Breast Cancer: It’s Not Just A Woman’s Disease
“You have invasive breast cancer.” Those are words that an estimated 266,120 women in the United States will hear this year. They definitely aren’t the words Steve Sempsrott from Lebanon ever expected he would hear from his doctor.
When Steve noticed a ping pong ball size lump on his chest in May of this year, he asked his doctor about it. While the doctor didn’t think it was anything to be alarmed by, Steve was sent for a sonogram in early June. The sonogram was suspicious looking and he was quickly sent for a mammogram. The only issue was not many men get mammograms, so Steve had to wait for the women to be cleared out of the mammogram area. On June 10, 2018 Steve received the results that he had breast cancer.
The mammogram results that showed he had breast cancer quickly lead to a needle biopsy and a PET scan. The diagnosis was that he had stage 1 HER2 positive, hormone receptor positive breast cancer. What followed were appointments with doctors and oncologists to make sure they had the right approach to effectively treat his breast cancer. On July 16, 2018 Steve received his first chemotherapy treatment. He has received chemo every 3 weeks since then to reduce the size of his cancer. Next month, he is scheduled for a double (bilateral) mastectomy. After surgery, he is scheduled for six more rounds of hormone suppressors. Then he hopes to be declared cancer free!
While breast cancer in men isn’t as common as breast cancer in women, still about 2,500 men in the United States will be diagnosed with breast cancer this year. As Steve says, “Cancer doesn’t discriminate. And it doesn’t wait on you.” According to the National Breast Cancer Foundation, men have a higher mortality rate than women primarily because awareness among men is less and they are less likely to assume a lump is breast cancer, which can cause a delay in seeking treatment.
Steve found out about the Sherry’s Run organization through working at Home Depot in Lebanon. Home Depot has had a team at the Sherry’s Run event the last few years and they do fundraisers throughout the year for their team to raise money. “We had a Taco Tuesday event for employees and there was a bucket where we could donate our change. Next to the bucket was some information about Sherry’s Run and the support groups. I picked up the information and took it home to read. I filled out the information and attended the support group,” says Steve.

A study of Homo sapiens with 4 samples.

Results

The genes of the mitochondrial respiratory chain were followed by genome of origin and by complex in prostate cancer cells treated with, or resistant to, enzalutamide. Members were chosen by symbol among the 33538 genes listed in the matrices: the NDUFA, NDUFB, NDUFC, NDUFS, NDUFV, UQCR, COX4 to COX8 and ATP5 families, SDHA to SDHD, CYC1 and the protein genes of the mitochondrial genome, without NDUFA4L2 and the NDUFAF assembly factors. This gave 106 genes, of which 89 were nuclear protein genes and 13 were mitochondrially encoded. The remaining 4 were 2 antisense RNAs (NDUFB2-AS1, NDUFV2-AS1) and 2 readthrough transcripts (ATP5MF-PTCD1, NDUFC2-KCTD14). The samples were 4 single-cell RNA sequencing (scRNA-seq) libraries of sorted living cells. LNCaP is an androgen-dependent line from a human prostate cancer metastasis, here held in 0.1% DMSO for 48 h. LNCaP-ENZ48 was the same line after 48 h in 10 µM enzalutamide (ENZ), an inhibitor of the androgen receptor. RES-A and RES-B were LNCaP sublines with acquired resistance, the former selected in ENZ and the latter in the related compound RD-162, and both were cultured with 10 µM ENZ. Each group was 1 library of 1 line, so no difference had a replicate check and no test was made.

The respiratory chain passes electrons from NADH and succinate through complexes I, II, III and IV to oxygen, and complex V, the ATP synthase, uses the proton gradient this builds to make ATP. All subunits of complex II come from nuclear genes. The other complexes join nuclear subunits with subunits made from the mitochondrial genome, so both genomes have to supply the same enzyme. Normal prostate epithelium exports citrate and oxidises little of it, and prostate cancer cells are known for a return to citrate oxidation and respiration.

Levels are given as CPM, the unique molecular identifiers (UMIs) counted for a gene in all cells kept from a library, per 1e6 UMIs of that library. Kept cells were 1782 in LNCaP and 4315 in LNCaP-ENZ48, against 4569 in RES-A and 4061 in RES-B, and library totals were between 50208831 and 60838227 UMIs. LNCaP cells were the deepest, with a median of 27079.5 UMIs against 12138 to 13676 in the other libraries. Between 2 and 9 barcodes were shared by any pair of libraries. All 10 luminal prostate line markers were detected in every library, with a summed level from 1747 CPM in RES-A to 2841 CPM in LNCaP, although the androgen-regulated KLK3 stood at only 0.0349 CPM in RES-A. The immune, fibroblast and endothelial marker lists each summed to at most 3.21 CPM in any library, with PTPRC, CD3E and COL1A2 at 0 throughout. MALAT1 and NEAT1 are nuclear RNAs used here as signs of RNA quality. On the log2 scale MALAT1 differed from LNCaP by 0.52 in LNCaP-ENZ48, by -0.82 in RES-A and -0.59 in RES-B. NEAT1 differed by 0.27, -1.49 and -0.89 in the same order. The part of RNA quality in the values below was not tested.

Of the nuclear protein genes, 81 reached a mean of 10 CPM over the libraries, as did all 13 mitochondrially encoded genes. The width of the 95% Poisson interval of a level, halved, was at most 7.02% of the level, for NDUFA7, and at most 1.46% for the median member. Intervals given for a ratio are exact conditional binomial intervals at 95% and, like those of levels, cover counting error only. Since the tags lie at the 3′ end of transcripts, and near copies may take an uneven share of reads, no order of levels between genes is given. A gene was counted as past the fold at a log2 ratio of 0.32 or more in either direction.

“My biggest concern when I was diagnosed was being a burden,” says Steve. “I was concerned about being a burden physically, mentally and financially.” Because of the support and assistance provided by the Sherry’s Run organization, Steve’s concern about being a financial burden was eased.
“The Sherry’s Run organization is able to help Steve and others because of the support we receive from our community,” says Alisa Eakes, Director of Patient Assistance for Sherry’s Run. “Sherry’s Run has helped to relieve some of the financial burden often placed on a family when someone receives a cancer diagnosis. Also, through the support groups we have given patients and their families a place to come and share with others experiencing similar situations.”
For Steve, Sherry’s Run has been a tremendous help. And it’s because of this that Steve says, “I support Sherry’s Run because Sherry’s Run supports me.” Steve is confident he is beating this cancer diagnosis, in fact, he already has plans to volunteer at the Sherry’s Run event next September! While he can ride in the survivor’s trolley, Steve has bigger plans to roll up his sleeves and volunteer to help at the event!
“God isn’t going to put a mountain in front of me that I can’t climb,” says Steve. The Sherry’s Run organization just works to make that mountain a little easier to climb for Steve and others in our community facing a cancer diagnosis.